Groupon Inc shares slumped Wednesday as the daily deal company's first quarterly results since it went public stoked concern about limited disclosure and slowing growth.
Groupon reported an unexpected fourth-quarter loss from a huge tax bill, most of which will likely not be repeated.
While the tax bill caught Wall Street's eye, analysts were more unsettled by signs that Groupon's breakneck pace of growth from recent quarters may be slowing, especially in North America, its most mature market.
Groupon also did not disclose some metrics that the company had reported in filings last year for its initial public offering, some analysts noted.
"There weren't a lot of details on metrics that Groupon provided in the past," said Aaron Kessler, an analyst at Raymond James. "There may be some frustration with this. A lack of details is never a good thing."
Groupon shares slumped 15 per cent to $20.90 in after-hours trading following the results.
As a private company Groupon was one of the fastest-growing businesses in history. However, it was criticized for big losses, heavy marketing spending and aggressive accounting in the run-up to its IPO last year.
In early November, Groupon pulled off one of the largest Internet IPOs of the past decade, valuing the company well over $10 billion. But analysts and investors are still concerned that consumers may be getting tired of the company's discount coupons and some merchants are not running more than one Groupon deal.
On Wednesday, Groupon reported fourth-quarter gross billings of $1.25 billion. That was up about 8 per cent from the third quarter.
In the third quarter, gross billings jumped 25 per cent from the previous quarter to $1.16 billion. Gross billings is a closely watched measure of how much money Groupon collects from deals it runs, before the company shares a chunk of that cash with participating merchants.
"Billings were lighter than expected," said Ken Sena, an analyst at Evercore Partners.
Kessler of Raymond James said Groupon used to break out gross billings for North America and International, but the company did not do so for the fourth quarter.
That made it difficult to gauge whether Groupon's domestic business grew more slowly than its international operations, Kessler explained.
Kessler said previous disclosures on the number of Groupon coupons sold in a quarter and the number of merchants waiting to run deals were also not reported in the fourth-quarter results.
Groupon also changed a metric it had used to report user growth, introducing a new unit called "active customers," which equals the number of users who have bought a coupon at least once in the past year.
In previous regulatory filings, Groupon had disclosed two distinct metrics: "cumulative customers" - the number of users who have used at least one coupon since the service began - and "subscribers," the total number of users who receive Groupon's emails.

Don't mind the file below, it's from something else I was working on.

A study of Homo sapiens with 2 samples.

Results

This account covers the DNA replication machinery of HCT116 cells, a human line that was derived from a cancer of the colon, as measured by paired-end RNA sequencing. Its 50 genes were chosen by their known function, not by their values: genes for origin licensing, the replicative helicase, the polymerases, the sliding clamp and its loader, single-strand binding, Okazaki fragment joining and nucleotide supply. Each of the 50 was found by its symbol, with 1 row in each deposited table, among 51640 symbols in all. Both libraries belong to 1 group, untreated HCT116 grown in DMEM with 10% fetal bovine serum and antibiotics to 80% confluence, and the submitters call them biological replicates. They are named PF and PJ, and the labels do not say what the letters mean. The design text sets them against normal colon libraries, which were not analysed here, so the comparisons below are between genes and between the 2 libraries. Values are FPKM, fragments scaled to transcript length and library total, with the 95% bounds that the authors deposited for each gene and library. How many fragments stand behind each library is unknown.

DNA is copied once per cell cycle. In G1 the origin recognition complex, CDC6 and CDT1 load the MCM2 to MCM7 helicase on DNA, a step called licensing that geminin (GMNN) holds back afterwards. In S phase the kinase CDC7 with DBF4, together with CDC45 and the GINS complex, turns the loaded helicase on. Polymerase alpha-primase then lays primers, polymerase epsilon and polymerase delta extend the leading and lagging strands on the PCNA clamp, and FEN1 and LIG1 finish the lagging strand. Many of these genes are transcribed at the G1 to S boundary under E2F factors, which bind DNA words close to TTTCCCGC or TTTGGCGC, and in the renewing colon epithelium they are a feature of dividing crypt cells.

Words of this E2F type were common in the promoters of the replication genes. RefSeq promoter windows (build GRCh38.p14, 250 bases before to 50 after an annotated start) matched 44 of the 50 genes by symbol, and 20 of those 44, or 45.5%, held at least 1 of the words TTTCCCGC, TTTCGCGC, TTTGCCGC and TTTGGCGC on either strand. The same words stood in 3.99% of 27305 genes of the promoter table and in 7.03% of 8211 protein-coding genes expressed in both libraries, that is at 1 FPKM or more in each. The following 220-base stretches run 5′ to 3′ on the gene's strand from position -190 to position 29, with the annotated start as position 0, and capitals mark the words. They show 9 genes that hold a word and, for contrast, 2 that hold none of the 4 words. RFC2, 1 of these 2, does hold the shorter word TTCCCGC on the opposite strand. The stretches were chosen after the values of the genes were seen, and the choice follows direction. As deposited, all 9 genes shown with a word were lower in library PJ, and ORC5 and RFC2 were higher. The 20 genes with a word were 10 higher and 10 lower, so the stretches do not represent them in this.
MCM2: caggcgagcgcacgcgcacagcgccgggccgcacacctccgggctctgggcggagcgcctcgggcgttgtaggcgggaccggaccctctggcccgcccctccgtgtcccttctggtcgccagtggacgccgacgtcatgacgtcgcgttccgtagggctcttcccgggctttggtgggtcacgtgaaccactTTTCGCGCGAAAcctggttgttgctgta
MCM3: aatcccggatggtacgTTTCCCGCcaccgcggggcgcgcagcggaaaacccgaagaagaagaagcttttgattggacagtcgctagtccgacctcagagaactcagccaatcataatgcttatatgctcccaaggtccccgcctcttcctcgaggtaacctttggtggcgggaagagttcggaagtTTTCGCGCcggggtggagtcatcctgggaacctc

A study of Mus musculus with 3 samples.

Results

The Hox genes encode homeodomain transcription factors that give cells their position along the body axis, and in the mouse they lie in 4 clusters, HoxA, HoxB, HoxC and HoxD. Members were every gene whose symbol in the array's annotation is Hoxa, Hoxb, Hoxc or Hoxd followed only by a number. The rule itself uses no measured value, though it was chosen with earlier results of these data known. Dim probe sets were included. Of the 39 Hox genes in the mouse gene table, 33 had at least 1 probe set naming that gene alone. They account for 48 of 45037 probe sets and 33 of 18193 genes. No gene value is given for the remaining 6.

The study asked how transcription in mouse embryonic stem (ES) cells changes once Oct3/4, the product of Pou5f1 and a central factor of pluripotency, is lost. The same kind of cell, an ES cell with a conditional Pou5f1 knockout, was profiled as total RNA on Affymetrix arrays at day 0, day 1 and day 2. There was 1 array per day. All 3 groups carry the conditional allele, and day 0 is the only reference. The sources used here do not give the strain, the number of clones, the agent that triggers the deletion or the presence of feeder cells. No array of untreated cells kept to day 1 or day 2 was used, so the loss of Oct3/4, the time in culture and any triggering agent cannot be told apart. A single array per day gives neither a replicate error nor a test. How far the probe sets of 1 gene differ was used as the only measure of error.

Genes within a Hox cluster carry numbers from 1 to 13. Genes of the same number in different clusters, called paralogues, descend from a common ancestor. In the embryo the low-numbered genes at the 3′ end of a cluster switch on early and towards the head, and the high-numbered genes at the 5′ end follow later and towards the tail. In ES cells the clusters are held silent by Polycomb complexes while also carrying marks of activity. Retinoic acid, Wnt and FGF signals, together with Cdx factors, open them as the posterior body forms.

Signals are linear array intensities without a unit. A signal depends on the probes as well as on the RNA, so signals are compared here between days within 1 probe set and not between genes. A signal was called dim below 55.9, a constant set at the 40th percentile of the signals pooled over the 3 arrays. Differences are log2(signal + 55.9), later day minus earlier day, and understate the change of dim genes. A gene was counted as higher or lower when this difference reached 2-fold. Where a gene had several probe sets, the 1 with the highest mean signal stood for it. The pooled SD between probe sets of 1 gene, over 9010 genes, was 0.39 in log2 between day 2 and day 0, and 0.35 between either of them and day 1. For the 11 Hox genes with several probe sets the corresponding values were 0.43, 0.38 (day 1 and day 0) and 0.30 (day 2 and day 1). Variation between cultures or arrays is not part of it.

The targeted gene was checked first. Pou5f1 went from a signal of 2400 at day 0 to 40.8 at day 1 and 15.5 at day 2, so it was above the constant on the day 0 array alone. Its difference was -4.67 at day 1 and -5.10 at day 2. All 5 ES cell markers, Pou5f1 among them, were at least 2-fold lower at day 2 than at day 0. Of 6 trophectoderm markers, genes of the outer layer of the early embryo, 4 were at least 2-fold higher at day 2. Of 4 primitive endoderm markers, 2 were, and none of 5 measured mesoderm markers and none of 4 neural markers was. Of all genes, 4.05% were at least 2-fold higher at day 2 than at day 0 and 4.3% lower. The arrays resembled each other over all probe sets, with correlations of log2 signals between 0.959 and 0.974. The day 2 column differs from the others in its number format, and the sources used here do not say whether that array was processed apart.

A Groupon spokesman said Wednesday that the company no longer discloses its number of subscribers.
Groupon said its fourth-quarter net loss attributable to common stockholders was $42.7 million, or 8 cents a share. That compares with a loss of $378.6 million, or $1.08 a share, a year earlier.
On an adjusted basis, Groupon reported a fourth-quarter loss of 2 cents a share. Revenue was $506.5 million, up 194 per cent from the final quarter of 2010.
Groupon was expected to make a profit of 3 cents a share on revenue of $475 million in the fourth quarter, according to Thomson Reuters I/B/E/S.
Groupon paid $35 million in taxes during the quarter, for an effective tax rate of 1,600 per cent. That was driven by income generated in some countries outside the United States and tax provisions related to Groupon's new international headquarters in Switzerland.
"This makes us a good corporate citizen," said Chief Financial Officer Jason Child. But he added that the company's tax rate in the future will likely be about 33 per cent.
"One thing that stood out was the tax," said Jeff Houston, an analyst Barrington Research Associated. "That raised my eyebrows."
Such surprises may be a symptom Groupon's youth, Houston said. The Chicago-based company was started in late 2008.
"It may take another quarter or two for investors to get more confidence and get more comfortable with management," the analyst added. "The daily deal space is so new and the company is only 3 years old."
Groupon founder and Chief Executive Andrew Mason has defended his company vociferously against its many critics in recent months.
Plenty of analysts dialed in to hear how Mason, one of the industry's more colorful CEOs, would fare on his first earnings call, a personal milestone for the 31-year old.
The call may have disappointed those familiar with the sight of an underwear-clad Mason doing yoga - there was a video floating on the Internet of just that last year. But the CEO still showed some of his usual sparkle.
Mason took most of the call in a flat tone as he plowed through financial results, talked up his company's growth potential and soberly laid out Groupon's plans to staff up on engineers.
Later on the call, Mason said Groupon is working on new features that will help customers personalize the offers they get and avoid coupons they don't want.
"'Please stop sending us pole-dancing deals,'" Mason said, deadpan. "That's been a much requested feature."